How the Supreme Court majority will rule on President Obama's Affordable Care Act may well have been foretold months or perhaps years ago — not so much by their questions during argument this week, as by their flagrant displays of bias outside the court, where certain justices regularly behave as dubiously as any sleazy officeholder.
While the public awaits the high court's judgment on the constitutionality of health care reform, it is worth remembering how cheaply Justices Antonin Scalia and Clarence Thomas in particular have sullied the integrity of their lifetime appointments, and how casually Chief Justice John Roberts and their other colleagues tolerate such outrages.
What is most scandalous in Washington, as a wise pundit once suggested, are the things politicians do that are perfectly legal but shouldn't be — an observation that applies with particular force to the Supreme Court, which is not subject to the ethics restrictions applied to lesser judges on the federal bench. That was why Scalia and Thomas, for instance, could appear as guests of honor at a fundraising dinner for the right-wing Federalist Society — which was sponsored by Bancroft PLLC, a major firm involved in litigation against the Affordable Care Act — on the very same day last November that they reviewed an appeal brief on the case from Paul Clement, the Bancroft attorney whose arguments they received so cordially this week.
In fact, Clement sat at a table "sandwiched between" the two justices. Scalia was seated with Senate Minority Leader Mitch McConnell, who had told the Federalists that he would rely on them to help undo the "affront" represented by health care reform. And for good measure, Justice Samuel Alito enjoyed the event at another table nearby.
If they were mere federal district or appeals judges, neither Scalia nor Thomas would have been permitted to attend the Federalist celebration, while Alito's attendance would have been questionable, to say the least. But members of the right-wing majority abuse their immunity from ethics regulation without sanction. Poised to reject the Affordable Care Act with the kind of sweeping opinion that could tear down decades of Commerce Clause jurisprudence, they merit the sharp scrutiny of their motives and conduct that they have largely escaped until now, even as they drift further and further toward the corporate right.
Investigative reports have revealed partisan and ideological ties that the justices themselves have sought to conceal, dating back to Scalia's duck-hunting trip with then-Vice President Dick Cheney, who had pending before the court a lawsuit challenging the secrecy of his Energy Task Force. No federal judge would have dared to rule in such circumstances, but Scalia dismissed the obvious appearance of conflict with an unbecoming sneer.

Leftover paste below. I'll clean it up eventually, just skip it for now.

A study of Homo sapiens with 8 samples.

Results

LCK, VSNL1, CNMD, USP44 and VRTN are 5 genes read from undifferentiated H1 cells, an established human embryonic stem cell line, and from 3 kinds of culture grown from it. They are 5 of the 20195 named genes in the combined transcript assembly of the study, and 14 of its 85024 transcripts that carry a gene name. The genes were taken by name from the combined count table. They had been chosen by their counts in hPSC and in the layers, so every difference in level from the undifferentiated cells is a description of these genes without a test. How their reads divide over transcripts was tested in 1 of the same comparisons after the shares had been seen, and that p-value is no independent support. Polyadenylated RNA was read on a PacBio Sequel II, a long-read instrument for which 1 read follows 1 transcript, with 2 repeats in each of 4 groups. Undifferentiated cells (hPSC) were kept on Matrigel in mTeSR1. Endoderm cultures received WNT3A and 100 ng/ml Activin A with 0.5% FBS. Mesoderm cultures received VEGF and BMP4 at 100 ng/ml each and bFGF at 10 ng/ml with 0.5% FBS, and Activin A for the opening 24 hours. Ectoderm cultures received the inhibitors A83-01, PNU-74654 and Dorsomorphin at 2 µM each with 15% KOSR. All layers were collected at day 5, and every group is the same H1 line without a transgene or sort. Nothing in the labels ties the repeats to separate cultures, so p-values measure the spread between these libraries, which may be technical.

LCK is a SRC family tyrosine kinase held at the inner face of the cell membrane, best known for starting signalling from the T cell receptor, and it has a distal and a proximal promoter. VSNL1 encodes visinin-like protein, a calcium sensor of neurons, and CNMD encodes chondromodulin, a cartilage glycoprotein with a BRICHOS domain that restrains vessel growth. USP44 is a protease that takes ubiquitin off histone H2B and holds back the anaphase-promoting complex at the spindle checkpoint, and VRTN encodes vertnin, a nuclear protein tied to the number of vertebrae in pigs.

As Scott Horton reported in Harpers magazine, Scalia's duck-hunting patrons in Mississippi had brought other vital matters before him to get their way, again in a manner that any self-respecting ethical jurist would instinctively abhor.
More recently, Scalia and Thomas were used as celebrity bait by the ultra-right Koch brothers, David and Charles, to draw well-heeled supporters to a secretive conference on undermining the Obama administration at a fancy Western resort. It would be hard to imagine any activity less appropriate for a Supreme Court justice, unless it was Thomas' wife Ginny accepting huge payments from a tea party organization devoted to repeal of health care reform, which she did in 2010. The justices failed to report any of these screaming conflicts on their disclosure reports, compounding the offense with the coverup.
Alito has likewise ignored the federal judicial ethics rule against political fundraising on several occasions, including at least two events to raise money for the far-right American Spectator magazine and for the Intercollegiate Studies Institute, the original sponsors of video dirty trickster James O'Keefe. It is strange to see a Supreme Court justice associating with such gamy ideological enterprises — and even more surprising to learn that Alito gave a blazing partisan keynote address at a Spectator dinner where he denounced Vice President Joe Biden in highly personal terms. When ThinkProgress reporter Lee Fang approached Alito to ask about his role as a right-wing fundraiser, he snapped that it "isn't important," and his bodyguards threatened to arrest Fang.
The right-wing bloc's cynical attitude toward judicial corruption was expressed most succinctly by Chief Justice Roberts, in his opinion upholding a West Virginia judge who had failed to recuse himself from a major case involving the A.T. Massey Coal Company. Roberts could see nothing wrong with the judge's conduct — even though Don Blankenship, Massey's CEO and principal owner, had donated $3 million to the judge's re-election campaign. That was too much even for Justice Anthony Kennedy — himself a former lobbyist and the son of a lobbyist — who voted with the court's liberal justices to uphold the constitutional right to adjudication by a magistrate unimpaired by the blatant appearance of favoritism.
Now it will be up to Justice Kennedy to step up in defense of honest, true conservatism — against the right-wing judicial activism that would vacate decades of Commerce Clause jurisprudence for a partisan objective, and against the corrupting political misconduct of Thomas, Scalia, and Alito — by joining a majority to uphold the Affordable Care Act. By doing so, he might begin to dispel the partisan taint that has afflicted the court since Bush v. Gore in 2000 — the decision that eventually brought Roberts and Alito onto the court to form their abusive majority.
Joe Conason is the editor in chief of NationalMemo.com. To find out more about Joe Conason, visit the Creators Syndicate website at www.creators.com.